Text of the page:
On average, girls are potty trained by 29 months, according to the University of Michigan Health System. Girls typically learn to control their bladder muscles and bowel before boys, who are trained at an average age of 31 months. However, toddlers become ready for potty training at different rates, so don't push your daughter to start training before she's ready.
Toddlers aren't ready for potty training until they are able to communicate their needs, walk to the potty and pull down their pants, follow simple directions and have a desire for independence, according to the University of Michigan Health System. Most girls become interested in using the potty around 24 months, according to a 2002 study published in "Pediatrics." Around 26 months, girls are typically able to stay dry for two hours and communicate that they need to use the bathroom.
Children develop at different rates, so don't worry if your daughter doesn't reach toilet training readiness milestones as soon as other children. The normal age range of developing readiness skills can differ by up to a year, reports "Pediatrics." Pushing your daughter to potty train before she's ready may just cause the training process to take longer. Starting training during a stressful time, such as a family move, can also make the process more difficult. Most children -- 98 percent -- are trained by 3 years of age, according to the University of Michigan Health System.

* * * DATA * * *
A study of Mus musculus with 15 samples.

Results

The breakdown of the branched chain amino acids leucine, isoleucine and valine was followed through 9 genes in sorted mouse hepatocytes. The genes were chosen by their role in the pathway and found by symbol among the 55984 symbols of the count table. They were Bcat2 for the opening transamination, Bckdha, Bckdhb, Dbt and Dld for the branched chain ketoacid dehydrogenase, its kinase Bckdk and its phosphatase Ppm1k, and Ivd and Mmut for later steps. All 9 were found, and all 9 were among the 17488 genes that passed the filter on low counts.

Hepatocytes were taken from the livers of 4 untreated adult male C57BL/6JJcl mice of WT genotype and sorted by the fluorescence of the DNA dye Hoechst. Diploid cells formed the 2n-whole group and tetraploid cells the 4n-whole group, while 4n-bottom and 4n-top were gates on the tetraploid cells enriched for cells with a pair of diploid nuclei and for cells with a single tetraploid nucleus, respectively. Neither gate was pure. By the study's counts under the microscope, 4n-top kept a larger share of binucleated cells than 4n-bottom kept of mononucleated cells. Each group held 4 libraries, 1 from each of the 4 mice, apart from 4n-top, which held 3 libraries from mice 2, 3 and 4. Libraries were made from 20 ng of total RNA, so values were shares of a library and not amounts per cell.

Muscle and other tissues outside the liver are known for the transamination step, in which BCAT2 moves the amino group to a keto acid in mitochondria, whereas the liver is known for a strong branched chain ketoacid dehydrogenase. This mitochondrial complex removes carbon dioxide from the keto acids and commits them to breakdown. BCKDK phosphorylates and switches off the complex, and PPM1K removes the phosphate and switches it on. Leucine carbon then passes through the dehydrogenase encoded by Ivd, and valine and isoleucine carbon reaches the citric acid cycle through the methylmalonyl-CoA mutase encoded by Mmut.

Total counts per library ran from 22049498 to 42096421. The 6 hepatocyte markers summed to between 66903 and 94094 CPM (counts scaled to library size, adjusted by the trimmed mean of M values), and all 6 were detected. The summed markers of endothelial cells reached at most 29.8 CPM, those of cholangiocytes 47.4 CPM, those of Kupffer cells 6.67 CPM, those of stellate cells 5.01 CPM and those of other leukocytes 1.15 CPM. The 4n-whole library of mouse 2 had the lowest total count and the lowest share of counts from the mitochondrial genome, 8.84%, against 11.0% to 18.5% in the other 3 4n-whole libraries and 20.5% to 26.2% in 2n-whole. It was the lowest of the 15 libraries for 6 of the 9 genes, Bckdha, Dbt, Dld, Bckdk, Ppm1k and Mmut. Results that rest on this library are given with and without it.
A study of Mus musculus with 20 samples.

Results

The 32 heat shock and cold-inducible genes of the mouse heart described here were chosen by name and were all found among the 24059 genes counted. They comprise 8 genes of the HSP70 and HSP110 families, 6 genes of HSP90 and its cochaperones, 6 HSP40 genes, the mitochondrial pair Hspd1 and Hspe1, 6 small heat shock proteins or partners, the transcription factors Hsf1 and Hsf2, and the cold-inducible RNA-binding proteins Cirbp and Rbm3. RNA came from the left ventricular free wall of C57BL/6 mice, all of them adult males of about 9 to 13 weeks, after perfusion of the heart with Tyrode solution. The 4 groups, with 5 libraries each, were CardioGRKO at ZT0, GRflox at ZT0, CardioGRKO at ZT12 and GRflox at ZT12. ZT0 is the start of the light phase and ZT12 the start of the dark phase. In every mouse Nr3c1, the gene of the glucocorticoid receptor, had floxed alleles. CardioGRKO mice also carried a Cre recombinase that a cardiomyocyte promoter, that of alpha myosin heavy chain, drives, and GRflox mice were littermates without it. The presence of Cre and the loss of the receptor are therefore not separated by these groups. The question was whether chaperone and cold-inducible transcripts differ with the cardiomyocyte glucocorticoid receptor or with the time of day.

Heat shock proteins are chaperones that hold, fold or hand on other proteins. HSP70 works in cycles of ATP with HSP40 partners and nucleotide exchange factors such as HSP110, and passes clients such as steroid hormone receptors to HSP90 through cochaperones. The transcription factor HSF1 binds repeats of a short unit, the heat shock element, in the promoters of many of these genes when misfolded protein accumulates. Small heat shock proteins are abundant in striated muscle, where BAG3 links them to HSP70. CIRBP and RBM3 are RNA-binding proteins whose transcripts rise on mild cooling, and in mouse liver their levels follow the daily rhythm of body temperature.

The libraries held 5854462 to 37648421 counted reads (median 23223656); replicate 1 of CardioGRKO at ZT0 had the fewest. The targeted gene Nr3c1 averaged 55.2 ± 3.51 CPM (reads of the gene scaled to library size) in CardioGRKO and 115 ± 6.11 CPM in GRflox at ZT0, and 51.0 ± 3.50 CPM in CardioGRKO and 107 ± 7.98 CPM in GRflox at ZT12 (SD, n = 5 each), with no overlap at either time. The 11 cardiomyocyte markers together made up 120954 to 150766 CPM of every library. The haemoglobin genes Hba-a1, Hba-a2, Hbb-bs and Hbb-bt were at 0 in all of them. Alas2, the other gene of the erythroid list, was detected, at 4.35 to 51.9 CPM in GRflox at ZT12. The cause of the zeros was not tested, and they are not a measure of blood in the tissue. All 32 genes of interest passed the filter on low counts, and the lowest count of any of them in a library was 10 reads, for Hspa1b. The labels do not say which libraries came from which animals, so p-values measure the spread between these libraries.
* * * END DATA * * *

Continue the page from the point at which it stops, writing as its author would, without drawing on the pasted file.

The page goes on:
Trends in Toilet Training
The age at which children are toilet trained hasn't always been the same. In the 1940s, for example, most toddlers began potty training before they reached 18 months of age, according to a 2008 report in "American Family Physician." White parents also tend to begin training later than African American parents. According to data collected on 248 children by the Children's Hospital of Pittsburgh, African American toddlers, on average, completed toilet training by 24 months, while white toddlers averaged 31 months of age.
Deciding When to Train
Potty training your daughter before she's ready can be frustrating and extend the process, but delaying potty training too long can have negative consequences, too. Late toilet training contributes to higher costs for parents, environmental problems caused by non-biodegradable diapers and higher rates of diarrhea or hepatitis A caused by diaper changes at daycare, according to "American Family Physician." Some daycare facilities also won't accept children who aren't toilet trained. If you're unsure when to begin potty training, consult your daughter's pediatrician.